Holidays are wonderful events filled with food, family, food, fun, food, food. And leftovers. Lots of leftovers.
Don’t get me wrong. I really do like leftovers, because after all the effort that went into preparing the holiday dishes, the last thing I want to do is cook more. Popping something into the microwave at that point is right up my alley.
Eventually, you end up with two conundrums: you don’t have enough leftovers to make another full meal, or you just can’t make yourself eat it as is anymore. The reality is that stretching out leftovers to make a full meal is easy, but some leftovers demand a little more assistance.
Bread of any kind is a case-in-point example. It gets stale. It gets dry. “Easy fix!” you may say, make croutons, make meatballs or meatloaf. True. What if it’s a sweet bread, like Tsoureki, Panetonne, Brioche? “Easy fix!”, I say, make French toast.
Sweet Bread French Toast Recipe
- The basic formula for the egg and milk mixture is 1/4 cup milk for each egg used, make an amount suitable for the quantity of bread you have (I had double this amount and made 8 slices, but this may vary due to the moisture content of your bread)
- Bread, any kind of yeast bread will do, cut into 1/2 inch thick slices
- Salted butter, for cooking the toast
Scramble the eggs in a bowl until they are almost a little foamy. You need the mixture to be as smooth as possible. Add in the milk and mix in completely.
Pour this mixture into a shallow dish. A pie-dish works great for this. Preheat a skillet on high heat with a couple of chunks of butter until it just begins to bubble, then turn the heat to medium and make sure the bottom of the skillet is coated with the melted butter. While the butter is melting, dunk in a couple of slices of the bread (or whatever will fit in your dish) into the egg mix. If your bread is very dry it may take a little more time for the liquid to be absorbed. Fresher bread may only need a second or two. Turn the bread over to coat the other side. I find it helpful to do my bread dunking at the stove so I can keep an eye on the butter at the same time.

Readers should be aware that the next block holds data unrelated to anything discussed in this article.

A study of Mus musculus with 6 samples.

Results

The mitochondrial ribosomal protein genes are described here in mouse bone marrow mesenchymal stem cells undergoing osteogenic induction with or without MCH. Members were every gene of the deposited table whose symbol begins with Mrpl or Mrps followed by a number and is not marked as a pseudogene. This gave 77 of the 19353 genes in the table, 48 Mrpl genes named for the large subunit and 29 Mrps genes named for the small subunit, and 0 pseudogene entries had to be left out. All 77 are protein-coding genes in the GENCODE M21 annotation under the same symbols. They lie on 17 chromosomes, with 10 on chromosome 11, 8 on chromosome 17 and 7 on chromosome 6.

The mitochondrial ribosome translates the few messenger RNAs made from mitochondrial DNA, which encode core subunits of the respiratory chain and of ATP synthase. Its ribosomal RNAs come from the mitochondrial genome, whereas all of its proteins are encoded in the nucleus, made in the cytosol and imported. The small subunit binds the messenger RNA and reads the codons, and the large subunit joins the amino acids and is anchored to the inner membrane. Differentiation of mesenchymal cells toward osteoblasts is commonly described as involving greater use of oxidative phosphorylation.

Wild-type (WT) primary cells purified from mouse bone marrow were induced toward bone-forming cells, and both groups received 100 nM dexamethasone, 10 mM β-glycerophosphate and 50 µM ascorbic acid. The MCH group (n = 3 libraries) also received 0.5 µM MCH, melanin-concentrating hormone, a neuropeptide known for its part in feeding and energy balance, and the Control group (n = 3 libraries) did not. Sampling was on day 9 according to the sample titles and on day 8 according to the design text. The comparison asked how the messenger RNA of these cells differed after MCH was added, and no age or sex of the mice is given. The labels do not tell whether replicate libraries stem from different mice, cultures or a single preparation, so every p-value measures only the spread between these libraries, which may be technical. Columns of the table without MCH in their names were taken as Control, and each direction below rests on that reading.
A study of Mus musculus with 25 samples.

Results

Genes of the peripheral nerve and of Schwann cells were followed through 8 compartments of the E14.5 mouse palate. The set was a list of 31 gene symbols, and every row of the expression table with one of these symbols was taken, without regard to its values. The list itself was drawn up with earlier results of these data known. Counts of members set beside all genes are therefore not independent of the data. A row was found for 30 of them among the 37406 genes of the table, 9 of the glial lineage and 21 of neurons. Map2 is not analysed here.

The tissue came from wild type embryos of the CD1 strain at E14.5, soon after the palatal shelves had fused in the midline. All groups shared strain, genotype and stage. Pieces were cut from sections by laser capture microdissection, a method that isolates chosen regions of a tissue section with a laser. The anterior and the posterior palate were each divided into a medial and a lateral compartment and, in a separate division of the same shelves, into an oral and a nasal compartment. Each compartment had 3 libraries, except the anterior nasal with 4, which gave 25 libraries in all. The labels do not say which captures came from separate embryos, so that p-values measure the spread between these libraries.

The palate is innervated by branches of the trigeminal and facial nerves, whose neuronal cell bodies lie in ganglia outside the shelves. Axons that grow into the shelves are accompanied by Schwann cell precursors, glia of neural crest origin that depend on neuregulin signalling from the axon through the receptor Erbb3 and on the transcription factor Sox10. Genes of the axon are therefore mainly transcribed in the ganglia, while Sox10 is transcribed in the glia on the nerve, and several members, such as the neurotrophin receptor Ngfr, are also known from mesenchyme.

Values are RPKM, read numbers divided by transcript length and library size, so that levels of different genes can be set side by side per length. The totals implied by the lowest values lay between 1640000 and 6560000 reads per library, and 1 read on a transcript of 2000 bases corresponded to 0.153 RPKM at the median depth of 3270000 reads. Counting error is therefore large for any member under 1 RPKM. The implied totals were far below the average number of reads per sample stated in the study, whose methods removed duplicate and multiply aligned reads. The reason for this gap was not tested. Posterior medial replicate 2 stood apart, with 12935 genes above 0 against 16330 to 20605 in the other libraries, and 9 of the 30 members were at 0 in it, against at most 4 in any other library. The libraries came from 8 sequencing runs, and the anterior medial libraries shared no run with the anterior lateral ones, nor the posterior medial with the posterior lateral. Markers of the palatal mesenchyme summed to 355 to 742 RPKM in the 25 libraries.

Carefully lift out the pieces of wet bread from the dish. If they absorbed too much of the mixture you will want to let the excess drain out until liquid isn’t dripping out. Place each piece in the skillet and cook until lightly browned on that side. The heat needs to be set so that your toast doesn’t get scorched the moment it hits the pan, but still hot enough that the liquid sizzles and the eggs set quickly.
Once the first side is set, carefully flip each piece over. I like to use two spatulas: the first scoops under a slice then tips it onto the second, which then gently lays it down into the hot butter. This helps prevent dangerous grease splatters! Continue to cook until the second side is set and no liquid is seeping out if you pierce it with a knife. In the end, the toast should be moist but not squishy wet. While the second side is cooking, you may want to get the next set of bread slices soaking so you can have a smooth transition from one batch to the next. Be sure to add more butter to the skillet as necessary.
French toast is traditionally served with a sprinkling of powdered sugar, but we also like syrup, or even some type of jam warmed and thinned with just a little water. And butter. Of course. Enjoy!